In a scathing article in today’s edition of the British daily, The Guardian, titled “Baugur throws a harsh light on Iceland”, the paper uses Baugur’s response to fraud charges as an example of how “at every turn the Icelanders seem to defy conventional business wisdom.”
The article’s subtitle reads “Economic miracle under scrutiny”.
The paper asks “what are we possibly to make of Baugur and, indeed, the whole Icelandic corporate invasion of these shores?”
The Guardian finds it strange that Baugur argues that the charges are against individuals and not the company, “Baugur is little more than Johannesson and his tight circle of associates, and to suggest otherwise is to stretch credulity.”
(As Daily News reported on July 2, Baugur CEO charged on multiple counts, Baugur went private in July 2003, but according to Hoover’s company database Baugur is “controlled by its CEO Jón Ásgeir Jóhannesson.” In a filing made by Baugur subsidiary Hagar on October 30, 2003, his family’s holding company, Gaumur was said to own 68 per cent of Baugur Group and Kaupthing Bank 22 per cent.)
The paper continues to report, “there’s a qualitative difference between police checking out some spiteful reports of past impropriety and the laying of full blown fraud charges against Johannesson, members of his family and also his accountants – as happened last Friday.”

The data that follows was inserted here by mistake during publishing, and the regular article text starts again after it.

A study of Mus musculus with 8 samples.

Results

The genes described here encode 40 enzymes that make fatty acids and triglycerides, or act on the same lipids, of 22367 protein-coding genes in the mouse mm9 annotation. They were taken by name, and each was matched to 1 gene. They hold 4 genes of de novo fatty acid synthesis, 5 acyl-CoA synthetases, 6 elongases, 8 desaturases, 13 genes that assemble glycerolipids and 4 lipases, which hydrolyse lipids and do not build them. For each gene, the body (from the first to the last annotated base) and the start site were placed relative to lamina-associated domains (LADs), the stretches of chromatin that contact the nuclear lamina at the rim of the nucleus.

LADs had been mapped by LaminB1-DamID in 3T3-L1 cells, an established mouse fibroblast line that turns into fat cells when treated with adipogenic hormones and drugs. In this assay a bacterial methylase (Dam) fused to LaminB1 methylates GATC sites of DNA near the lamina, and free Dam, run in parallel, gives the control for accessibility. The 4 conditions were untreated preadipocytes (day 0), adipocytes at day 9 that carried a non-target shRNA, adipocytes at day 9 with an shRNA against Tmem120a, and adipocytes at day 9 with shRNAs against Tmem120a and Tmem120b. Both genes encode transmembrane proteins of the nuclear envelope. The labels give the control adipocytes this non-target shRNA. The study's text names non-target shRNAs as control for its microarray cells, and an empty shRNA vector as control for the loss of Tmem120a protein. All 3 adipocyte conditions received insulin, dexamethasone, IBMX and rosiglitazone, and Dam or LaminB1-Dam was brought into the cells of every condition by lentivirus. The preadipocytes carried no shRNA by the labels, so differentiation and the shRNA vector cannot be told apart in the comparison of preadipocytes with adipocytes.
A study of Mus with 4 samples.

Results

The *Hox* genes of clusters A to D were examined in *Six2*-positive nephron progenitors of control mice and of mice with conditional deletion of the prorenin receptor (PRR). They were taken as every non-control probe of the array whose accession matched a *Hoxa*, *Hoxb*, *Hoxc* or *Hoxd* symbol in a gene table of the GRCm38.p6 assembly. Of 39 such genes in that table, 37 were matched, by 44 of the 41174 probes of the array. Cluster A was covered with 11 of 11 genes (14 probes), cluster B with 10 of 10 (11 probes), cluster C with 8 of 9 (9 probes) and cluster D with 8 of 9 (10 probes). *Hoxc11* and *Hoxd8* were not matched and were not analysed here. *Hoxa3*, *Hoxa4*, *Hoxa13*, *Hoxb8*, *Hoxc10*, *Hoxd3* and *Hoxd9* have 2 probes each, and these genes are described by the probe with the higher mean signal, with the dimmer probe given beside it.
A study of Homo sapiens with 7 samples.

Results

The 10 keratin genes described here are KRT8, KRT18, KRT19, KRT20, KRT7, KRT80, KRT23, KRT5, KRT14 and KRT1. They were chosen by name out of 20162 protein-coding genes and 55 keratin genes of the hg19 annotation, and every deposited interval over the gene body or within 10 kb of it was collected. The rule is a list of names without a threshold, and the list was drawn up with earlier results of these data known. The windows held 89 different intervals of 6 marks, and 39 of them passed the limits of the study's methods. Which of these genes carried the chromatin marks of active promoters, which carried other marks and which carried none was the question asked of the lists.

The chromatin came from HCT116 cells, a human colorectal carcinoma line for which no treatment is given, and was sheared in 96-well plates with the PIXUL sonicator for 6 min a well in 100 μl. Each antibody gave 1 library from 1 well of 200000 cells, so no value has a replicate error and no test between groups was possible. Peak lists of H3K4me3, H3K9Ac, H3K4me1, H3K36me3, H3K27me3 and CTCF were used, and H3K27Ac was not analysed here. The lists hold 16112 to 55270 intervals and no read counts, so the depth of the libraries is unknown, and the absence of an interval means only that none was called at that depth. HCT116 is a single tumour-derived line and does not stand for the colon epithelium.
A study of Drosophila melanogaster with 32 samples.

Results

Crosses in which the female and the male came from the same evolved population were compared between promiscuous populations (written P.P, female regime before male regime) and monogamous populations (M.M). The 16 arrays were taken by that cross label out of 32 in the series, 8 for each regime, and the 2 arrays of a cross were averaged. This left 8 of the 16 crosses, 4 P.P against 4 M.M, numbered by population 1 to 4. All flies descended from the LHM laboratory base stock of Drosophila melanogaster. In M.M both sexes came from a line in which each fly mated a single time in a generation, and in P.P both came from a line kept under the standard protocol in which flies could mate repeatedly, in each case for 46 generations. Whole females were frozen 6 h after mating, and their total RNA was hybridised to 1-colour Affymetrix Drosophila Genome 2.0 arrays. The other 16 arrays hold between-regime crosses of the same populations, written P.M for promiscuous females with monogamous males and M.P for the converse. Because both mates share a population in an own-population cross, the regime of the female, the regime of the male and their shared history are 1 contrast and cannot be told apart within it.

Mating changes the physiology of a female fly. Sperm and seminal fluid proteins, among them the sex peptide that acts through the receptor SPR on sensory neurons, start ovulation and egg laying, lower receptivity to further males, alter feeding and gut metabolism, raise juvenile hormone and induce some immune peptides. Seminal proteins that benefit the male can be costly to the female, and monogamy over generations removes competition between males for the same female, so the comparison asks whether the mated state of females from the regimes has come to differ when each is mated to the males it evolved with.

The Guardian seems surprised that Baugur´s CEO, Jón Ásgeir Jóhannesson, did not “withdraw from the Somerfield deal, proclaim his innocence and vow to fight these trumped up allegations.”
The Guardian writes that although Baugur insists that it is still in the Somerfield game “it’s a sure bet it will not be for much longer.”
The Guardian predicts that from now on “we should now expect a much harsher light to be shone on the Icelandic economic miracle generally.”
It ends its article provoking its readers to explain “why direct investment in the tiny Icelandic stock exchange from Guernsey-based entities moved from nothing in 2001 to IKR11.6bn (£100m) in 2003? Or why money coming from Luxembourg jumped from IKR4.4bn in 2000 to IKR25.2bn in 2003?”
Last month the Guardian published an article “Next-generation Viking invasion” by Ian Griffiths. In that article, Griffiths, who received Business Journalist of the Year at the 2005 British Press Awards, acknowledges that the rumors of Russian money driving Icelandic expansion are “persistent but unsubstantiated”. But he still asks “They’ve got the cash to buy big UK groups like M&S. But where does it come from?”
As of yet the Icelandic media has not picked up the latest Guardian story.